Virgin Galactic to restart space tourism flights after leadership restructuring 

Virgin Galactic VMS Eve with SpaceShipTwo
Jeff Foust / Wikipedia

Virgin Galactic has announced a plan to restart flying tourists in the second quarter of 2023 after a reshuffle in the leadership of the company. 

The main change concerns Swami Iye, the President of the company’s Aerospace Systems division, who has been appointed as an adviser to CEO Michael Colglazier.  

‘The organizational changes will support the Company’s core near-term objectives of delivering increased flight frequency and executing on rapid fleet development plans,’ the company’s press release explains. 

In addition, Virgin Galactic announced the completion the upgrades to VMS Eve, one of the two motherships operated by the company. 

The venture has not conducted any launches since July 2021, when Branson himself took a flight on board VSS Unity.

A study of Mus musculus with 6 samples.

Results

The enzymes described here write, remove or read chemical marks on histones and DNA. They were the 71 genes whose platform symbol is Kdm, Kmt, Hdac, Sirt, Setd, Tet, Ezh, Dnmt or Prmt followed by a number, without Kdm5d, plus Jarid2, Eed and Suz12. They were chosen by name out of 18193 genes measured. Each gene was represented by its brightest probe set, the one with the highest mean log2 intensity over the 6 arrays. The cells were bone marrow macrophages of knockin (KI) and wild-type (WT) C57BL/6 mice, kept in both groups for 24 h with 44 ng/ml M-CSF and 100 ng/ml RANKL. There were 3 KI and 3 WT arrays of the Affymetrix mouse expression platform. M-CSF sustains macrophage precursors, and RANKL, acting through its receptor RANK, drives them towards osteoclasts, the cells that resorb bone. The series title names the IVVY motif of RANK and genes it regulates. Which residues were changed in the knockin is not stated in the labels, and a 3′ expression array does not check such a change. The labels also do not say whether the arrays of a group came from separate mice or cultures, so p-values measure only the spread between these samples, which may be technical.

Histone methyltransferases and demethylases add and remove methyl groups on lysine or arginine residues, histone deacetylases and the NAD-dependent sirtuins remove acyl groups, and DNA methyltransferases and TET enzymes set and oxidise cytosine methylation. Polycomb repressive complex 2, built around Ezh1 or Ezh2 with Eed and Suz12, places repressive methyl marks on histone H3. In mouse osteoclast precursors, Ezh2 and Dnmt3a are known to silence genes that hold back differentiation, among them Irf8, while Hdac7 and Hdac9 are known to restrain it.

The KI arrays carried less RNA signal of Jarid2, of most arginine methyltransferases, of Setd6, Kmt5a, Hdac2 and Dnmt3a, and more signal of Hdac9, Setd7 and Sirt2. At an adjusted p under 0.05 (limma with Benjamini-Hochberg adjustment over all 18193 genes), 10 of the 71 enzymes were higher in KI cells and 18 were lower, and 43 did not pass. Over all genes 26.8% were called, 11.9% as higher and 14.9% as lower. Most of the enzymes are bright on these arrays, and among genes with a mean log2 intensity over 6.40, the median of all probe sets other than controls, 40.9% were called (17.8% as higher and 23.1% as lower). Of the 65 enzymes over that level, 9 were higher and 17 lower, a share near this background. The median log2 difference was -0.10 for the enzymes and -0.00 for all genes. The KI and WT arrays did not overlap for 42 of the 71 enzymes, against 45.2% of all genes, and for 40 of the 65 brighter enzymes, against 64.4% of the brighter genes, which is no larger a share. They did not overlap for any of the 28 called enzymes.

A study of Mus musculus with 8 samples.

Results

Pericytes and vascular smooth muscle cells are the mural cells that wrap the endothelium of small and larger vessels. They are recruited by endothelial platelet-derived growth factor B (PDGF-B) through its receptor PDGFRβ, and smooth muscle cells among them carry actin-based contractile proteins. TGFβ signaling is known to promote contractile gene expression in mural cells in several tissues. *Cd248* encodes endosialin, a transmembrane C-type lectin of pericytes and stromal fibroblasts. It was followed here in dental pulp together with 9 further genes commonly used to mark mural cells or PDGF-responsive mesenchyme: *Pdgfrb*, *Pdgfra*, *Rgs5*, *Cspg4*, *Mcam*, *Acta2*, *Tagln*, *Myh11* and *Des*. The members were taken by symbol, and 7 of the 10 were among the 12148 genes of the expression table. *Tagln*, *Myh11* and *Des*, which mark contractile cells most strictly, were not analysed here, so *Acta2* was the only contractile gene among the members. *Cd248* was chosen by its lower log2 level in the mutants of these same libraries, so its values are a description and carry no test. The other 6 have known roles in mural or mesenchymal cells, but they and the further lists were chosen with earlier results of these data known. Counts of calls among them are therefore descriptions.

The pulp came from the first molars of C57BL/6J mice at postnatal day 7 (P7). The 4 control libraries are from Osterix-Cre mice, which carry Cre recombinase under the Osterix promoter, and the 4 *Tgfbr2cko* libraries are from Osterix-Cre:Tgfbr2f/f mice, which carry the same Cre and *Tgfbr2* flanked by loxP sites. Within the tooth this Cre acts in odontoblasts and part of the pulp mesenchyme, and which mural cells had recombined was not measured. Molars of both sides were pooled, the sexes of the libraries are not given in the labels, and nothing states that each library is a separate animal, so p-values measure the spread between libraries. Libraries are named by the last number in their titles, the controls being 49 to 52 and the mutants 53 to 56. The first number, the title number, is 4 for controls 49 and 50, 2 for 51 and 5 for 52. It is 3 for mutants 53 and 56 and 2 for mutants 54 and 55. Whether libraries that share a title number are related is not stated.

Despite placing the company at the center of the media’s attention for several months, the flight was not followed up by further attempts. 

Supply issues, labor shortages and other problems caused a chain of delays, forcing Virgin Galactic to stop flight activity for nearly two years. 

One of several prominent space tourism ventures, Virgin Galactic conducts flights on its fleet of rocket-powered planes that are carried by twin-fuselage motherships before the launch. 

The planes are designed to take tourists to an altitude between 80-90 kilometers (50-56 miles), which is above the 80-kilometer (50-mile) altitude recognized by the US Armed Forces as the border of space. However, it falls well below the Karman Line, an internationally-recognized boundary of space, which sits at 100 kilometers (62 miles).  

In addition, unlike most spaceflights launched by the world’s space agencies like NASA, Virgin Galactic’s planes do not enter orbit and are not capable of staying at their peak altitude for longer than a few minutes.